Steve Wagner

Synopsis

  • Indiana’s state law requires cities and counties trying to pass ordinances that differ from state building code and fire safety laws to seek permission from the 11-member state Fire Prevention and Building Safety Commission, which is appointed by the governor.
  • The Commission has finally approved proposals from Chesterton and Porter County local governments that will require carbon monoxide detectors in residential properties. Indiana is among a dozen states without such a law.
  • Carbon Monoxide detectors can save lives by alerting people nearby of the odorless, deadly gas.
  • CO poisoning may look similar to seasickness or alcohol intoxication, but early symptoms include headache, dizziness, weakness, nausea, vomiting, chest pain, and confusion.
  • If you begin to experience any of these symptoms, seek medical help immediately. Higher levels of CO inhalation may cause death.
  • If you believe you have experienced these symptoms as a result of the negligence of a contractor, landlord, or an employer, contact the law offices of Wagner Reese.

Local Governments Receive Approval to Require Carbon Monoxide Detectors in Residential Properties

Ordinances from Chesterton and Porter County in northwestern Indiana are now in effect as approved proposals from two local governments and the state Fire Prevention and Building Safety Commission will now require carbon monoxide (or CO) detectors in residential properties. Indiana is among a dozen states without such a requirement so state law says cities and counties trying to pass ordinances that differ from state building code and fire safety laws need to seek permission from the 11-member commission, appointed by the governor.

Other Indiana communities are expected to follow the proposal for similar CO detector ordinances and will have to wait alongside the commission’s review and approval guidelines as Chesterton and Porter County officials did.

Knowing The Symptoms of CO Poisoning Can Save A Life

CO detectors are available for anyone to purchase and can easily be installed by most homeowners or landlords. The small devices often take the role of life-saver during the winter months as they warn of the beginning stages of a hazardous gas leak. The most common symptoms of CO poisoning are headaches, dizziness, weakness, nausea, vomiting, chest pain, and confusion. Higher levels of CO inhalation may even cause death. The symptoms may look similar to seasickness or alcohol intoxication. Most frightening about the deadly gas is that is that a person who is sleeping or intoxicated can die from CO poisoning before ever feeling these symptoms.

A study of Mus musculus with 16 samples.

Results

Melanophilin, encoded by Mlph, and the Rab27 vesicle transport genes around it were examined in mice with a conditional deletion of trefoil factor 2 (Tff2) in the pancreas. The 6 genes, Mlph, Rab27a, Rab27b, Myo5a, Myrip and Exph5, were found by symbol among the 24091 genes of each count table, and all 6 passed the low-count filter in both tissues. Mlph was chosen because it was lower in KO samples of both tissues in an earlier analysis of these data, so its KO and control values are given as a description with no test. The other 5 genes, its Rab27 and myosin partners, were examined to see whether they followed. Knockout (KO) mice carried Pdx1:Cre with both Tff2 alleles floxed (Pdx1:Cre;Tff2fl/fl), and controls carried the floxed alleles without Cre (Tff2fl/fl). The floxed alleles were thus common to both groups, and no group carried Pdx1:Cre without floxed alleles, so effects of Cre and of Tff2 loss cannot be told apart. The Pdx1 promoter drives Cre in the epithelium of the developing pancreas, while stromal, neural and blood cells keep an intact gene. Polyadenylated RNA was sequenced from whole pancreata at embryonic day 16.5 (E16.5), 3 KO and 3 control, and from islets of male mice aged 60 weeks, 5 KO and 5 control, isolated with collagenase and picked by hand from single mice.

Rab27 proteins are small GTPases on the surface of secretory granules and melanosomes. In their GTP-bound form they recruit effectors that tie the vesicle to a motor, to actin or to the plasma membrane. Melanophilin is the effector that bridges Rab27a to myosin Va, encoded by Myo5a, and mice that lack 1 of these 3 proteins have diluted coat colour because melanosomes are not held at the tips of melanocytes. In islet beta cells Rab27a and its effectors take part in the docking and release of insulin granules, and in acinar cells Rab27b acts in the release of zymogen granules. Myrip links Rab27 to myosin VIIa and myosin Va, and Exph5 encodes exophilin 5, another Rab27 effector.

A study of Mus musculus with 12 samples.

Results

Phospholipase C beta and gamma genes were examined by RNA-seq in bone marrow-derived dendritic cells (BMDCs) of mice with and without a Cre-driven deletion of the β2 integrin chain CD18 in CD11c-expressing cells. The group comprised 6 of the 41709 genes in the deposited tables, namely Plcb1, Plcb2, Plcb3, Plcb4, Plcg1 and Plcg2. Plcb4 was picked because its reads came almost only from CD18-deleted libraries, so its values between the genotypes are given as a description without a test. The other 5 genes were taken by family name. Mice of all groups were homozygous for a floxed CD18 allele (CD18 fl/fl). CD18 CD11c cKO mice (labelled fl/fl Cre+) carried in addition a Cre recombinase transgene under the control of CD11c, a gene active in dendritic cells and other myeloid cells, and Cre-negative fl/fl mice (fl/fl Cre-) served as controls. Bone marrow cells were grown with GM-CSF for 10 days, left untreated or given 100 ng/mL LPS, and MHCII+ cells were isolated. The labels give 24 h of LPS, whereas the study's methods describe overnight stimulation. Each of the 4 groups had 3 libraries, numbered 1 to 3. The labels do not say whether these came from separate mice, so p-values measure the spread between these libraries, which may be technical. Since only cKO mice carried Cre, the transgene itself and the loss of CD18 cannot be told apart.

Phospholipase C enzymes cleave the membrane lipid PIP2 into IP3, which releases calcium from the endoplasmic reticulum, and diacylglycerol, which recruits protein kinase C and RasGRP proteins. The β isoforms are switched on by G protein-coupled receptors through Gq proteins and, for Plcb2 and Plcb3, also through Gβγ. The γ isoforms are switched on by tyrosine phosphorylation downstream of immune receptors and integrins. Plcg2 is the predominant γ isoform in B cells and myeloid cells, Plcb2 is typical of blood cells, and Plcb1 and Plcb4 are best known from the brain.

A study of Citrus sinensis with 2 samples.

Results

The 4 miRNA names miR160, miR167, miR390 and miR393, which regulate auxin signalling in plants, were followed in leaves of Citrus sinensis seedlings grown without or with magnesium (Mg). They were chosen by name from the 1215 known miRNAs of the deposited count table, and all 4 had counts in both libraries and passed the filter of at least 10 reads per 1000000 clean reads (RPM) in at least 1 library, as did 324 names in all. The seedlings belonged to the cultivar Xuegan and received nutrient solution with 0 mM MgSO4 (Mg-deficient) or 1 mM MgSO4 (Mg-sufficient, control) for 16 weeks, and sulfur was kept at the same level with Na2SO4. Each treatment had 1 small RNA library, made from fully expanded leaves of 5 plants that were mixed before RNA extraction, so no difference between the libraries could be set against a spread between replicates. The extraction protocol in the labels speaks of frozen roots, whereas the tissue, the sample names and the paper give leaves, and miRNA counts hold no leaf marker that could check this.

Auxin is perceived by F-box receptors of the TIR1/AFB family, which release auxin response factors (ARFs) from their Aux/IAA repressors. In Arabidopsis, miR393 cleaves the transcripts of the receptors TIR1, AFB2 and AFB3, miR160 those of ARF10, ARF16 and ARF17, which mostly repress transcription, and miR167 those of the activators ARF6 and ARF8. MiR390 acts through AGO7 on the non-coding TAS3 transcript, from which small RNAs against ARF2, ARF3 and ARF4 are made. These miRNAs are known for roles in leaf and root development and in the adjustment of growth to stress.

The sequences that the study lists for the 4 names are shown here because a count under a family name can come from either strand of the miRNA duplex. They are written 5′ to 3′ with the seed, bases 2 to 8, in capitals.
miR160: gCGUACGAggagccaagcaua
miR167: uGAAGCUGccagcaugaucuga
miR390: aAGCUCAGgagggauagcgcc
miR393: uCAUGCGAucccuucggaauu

The odorless gas is released by the burning of fuels, which happens more often in the winter time as a result of consistently running heaters and warm appliances (water heaters, stoves, dryers, etc). When CO fumes are released, it may only be a matter of minutes before those fumes turn deadly, so it is important to know the symptoms of CO poisoning, be able to recognize them quickly, and take action before they become fatal. Those symptoms include:

  • Headache
  • Nausea
  • Dizziness
  • Problems with your vision
  • Increased heartbeat or chest pain
  • Rapid breathing or a feeling of losing your breath
  • Confusion
  • Sudden drowsiness
  • Seizures

If you begin to feel any of these symptoms, it is important to quickly identify what they are and how they may be affecting you, as some of these symptoms are markers of other illnesses and may not necessarily be caused by CO poisoning. Check to see if others around you are experiencing the same symptoms. If multiple people are having the same issue, it’s a higher likelihood that it may be CO. Step outdoors and take a few deep breaths. If you begin to feel better when you are breathing fresh air, there may be a build up inside your house. If you have older appliances, if you suspect your heating equipment may not be installed correctly, if your home has poor ventilation, or if you live in a newer home or rental property that is well insulated and sealed, you are at a higher risk for CO poisoning.

Contact Wagner Reese

Everyone is at risk for CO poisoning and if you suspect you are, please visit your doctor or call 911 immediately. If you believe you have experienced the effects of CO as a result of the negligence of another person or an employer, contact the law offices of Wagner Reese at (888) 204-8440 to schedule a free premises liability consultation or submit our online form and our attorneys will review your information.